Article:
On the same day the Bush administration announced it would not issue new wetlands regulations, the U.S. Court of Appeals for the Fifth Circuit added confusion to the issue by defying two of its sister circuits, holding that isolated waterways do not qualify as “navigable waters” under the Clean Water Act.
In 2001 the U.S. Supreme Court ruled in Solid Waste Agency of Northern Cook County v. U.S. Army Corps of Engineers (commonly referred to as the SWANCC decision) that “navigable waters” subject to the Clean Water Act do not include isolated ponds and mudflats unconnected to navigable waterways except by their potential use by migratory birds.
Since the SWANCC decision, two federal appellate courts have narrowly interpreted the Supreme Court’s ruling and refused to nullify Clean Water Act coverage for other isolated wetlands. The Fourth and Sixth Circuits each ruled the Army Corps of Engineers could impose Clean Water Act regulations on man-made drainage ditches.
Fifth Circuit Disagrees
However, on December 16, 2003, the Fifth Circuit ruled in United States v. Needham that the Fourth and Sixth Circuits erred in their “expansive interpretation” of EPA powers to regulate isolated waterways. According to the court, “navigable waters” do not include “all waters, excluding groundwater, that have any hydrological connection with ‘navigable waters.'”
EPA’s expansive interpretation of its powers is untenable, asserted the Fifth Circuit, because the Clean Water Act and related laws “are not so broad as to permit the federal government to impose regulations over ‘tributaries’ that are neither themselves navigable nor truly adjacent to ‘navigable waters.'”
Accordingly, ruled the Fifth Circuit, the federal government “may not simply impose regulations over puddles, sewers, roadside ditches, and the like.”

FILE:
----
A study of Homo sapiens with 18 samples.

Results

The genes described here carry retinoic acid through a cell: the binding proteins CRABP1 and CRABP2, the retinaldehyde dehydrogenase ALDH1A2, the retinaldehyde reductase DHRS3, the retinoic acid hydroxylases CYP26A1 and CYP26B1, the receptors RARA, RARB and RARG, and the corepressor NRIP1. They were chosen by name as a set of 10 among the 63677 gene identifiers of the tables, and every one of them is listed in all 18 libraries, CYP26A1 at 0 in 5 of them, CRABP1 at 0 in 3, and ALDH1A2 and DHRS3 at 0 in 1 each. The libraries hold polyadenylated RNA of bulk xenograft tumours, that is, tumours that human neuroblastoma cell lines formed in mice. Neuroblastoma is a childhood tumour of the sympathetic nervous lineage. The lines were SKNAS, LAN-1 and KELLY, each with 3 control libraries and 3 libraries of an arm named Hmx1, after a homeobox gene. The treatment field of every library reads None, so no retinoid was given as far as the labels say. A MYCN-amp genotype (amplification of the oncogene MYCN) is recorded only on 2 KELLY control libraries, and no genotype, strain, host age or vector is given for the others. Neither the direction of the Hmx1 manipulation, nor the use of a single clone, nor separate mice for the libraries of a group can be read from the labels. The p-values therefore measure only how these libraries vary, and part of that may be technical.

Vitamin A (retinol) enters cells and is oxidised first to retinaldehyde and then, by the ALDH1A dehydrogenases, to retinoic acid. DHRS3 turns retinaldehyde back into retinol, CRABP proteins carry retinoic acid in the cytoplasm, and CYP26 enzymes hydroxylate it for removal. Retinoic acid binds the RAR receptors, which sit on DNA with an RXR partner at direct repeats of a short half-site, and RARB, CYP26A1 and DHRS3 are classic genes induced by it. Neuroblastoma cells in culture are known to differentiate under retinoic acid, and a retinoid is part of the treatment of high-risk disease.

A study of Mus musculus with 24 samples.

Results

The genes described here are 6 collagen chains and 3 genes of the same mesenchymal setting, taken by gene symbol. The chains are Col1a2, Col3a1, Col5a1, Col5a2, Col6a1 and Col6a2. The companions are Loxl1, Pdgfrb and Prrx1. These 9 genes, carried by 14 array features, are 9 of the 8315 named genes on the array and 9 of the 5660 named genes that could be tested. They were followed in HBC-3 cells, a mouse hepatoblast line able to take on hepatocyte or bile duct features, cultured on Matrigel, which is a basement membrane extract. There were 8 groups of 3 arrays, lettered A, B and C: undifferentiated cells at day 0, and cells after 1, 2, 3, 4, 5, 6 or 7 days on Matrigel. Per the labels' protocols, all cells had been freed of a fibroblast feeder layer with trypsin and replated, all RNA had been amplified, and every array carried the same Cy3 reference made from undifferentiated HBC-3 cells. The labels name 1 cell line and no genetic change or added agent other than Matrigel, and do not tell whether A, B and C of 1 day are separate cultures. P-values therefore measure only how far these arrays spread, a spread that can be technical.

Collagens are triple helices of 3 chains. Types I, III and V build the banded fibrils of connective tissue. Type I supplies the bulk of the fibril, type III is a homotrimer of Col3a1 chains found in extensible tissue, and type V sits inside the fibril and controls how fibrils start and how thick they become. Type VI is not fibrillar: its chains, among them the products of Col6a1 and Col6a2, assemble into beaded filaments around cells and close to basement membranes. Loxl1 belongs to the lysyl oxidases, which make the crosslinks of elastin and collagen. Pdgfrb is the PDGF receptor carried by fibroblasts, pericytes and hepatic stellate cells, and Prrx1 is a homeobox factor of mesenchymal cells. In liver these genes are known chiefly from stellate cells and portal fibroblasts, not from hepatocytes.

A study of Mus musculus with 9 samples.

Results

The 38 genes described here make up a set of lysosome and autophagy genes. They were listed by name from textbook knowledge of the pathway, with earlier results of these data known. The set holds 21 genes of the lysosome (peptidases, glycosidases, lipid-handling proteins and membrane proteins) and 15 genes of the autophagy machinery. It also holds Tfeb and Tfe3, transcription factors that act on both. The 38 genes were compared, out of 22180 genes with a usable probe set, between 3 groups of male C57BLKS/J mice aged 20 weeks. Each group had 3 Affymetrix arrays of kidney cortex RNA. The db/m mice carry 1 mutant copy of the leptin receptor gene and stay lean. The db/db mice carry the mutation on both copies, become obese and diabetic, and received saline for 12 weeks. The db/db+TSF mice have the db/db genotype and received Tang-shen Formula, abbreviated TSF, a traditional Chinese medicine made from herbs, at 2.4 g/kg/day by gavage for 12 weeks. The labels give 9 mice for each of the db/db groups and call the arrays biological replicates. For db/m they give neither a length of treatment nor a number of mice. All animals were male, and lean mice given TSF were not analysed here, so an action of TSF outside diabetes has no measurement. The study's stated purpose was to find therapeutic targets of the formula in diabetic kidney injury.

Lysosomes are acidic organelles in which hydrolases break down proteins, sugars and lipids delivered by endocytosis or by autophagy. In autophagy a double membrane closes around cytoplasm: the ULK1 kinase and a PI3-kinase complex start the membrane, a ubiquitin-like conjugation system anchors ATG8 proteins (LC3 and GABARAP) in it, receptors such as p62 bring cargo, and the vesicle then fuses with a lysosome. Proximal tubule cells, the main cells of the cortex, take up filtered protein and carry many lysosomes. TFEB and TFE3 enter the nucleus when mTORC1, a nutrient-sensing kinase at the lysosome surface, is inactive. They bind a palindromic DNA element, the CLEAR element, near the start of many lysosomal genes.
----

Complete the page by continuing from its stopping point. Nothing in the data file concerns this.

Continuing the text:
This clash among the appellate courts renders it likely that the U.S. Supreme Court will resolve the issue sometime in the near future.
“Landowners, home builders, developers, and regulatory field officials have no coherent guideposts from the Bush administration on the limits of federal regulation under the Clean Water Act,” said Kent Conine, president of the National Association of Home Builders. “It’s time for the Supreme Court to step in and confirm that puddles and ditches are not navigable waters so that we are not needlessly increasing the area we have to regulate with finite budgetary resources.
“What we learned from the Needham decision is that if the Deatons’ land were in Texas, their ditch would not have been regulated by the federal government,” added Conine. “Without action from the EPA, the Supreme Court is the only realistic forum that can resolve the question of jurisdiction and take landowners like the Deatons out of regulatory limbo, and we urge the justices to take the case.”
James M. Taylor is managing editor of Environment & Climate News. His email address is [email protected].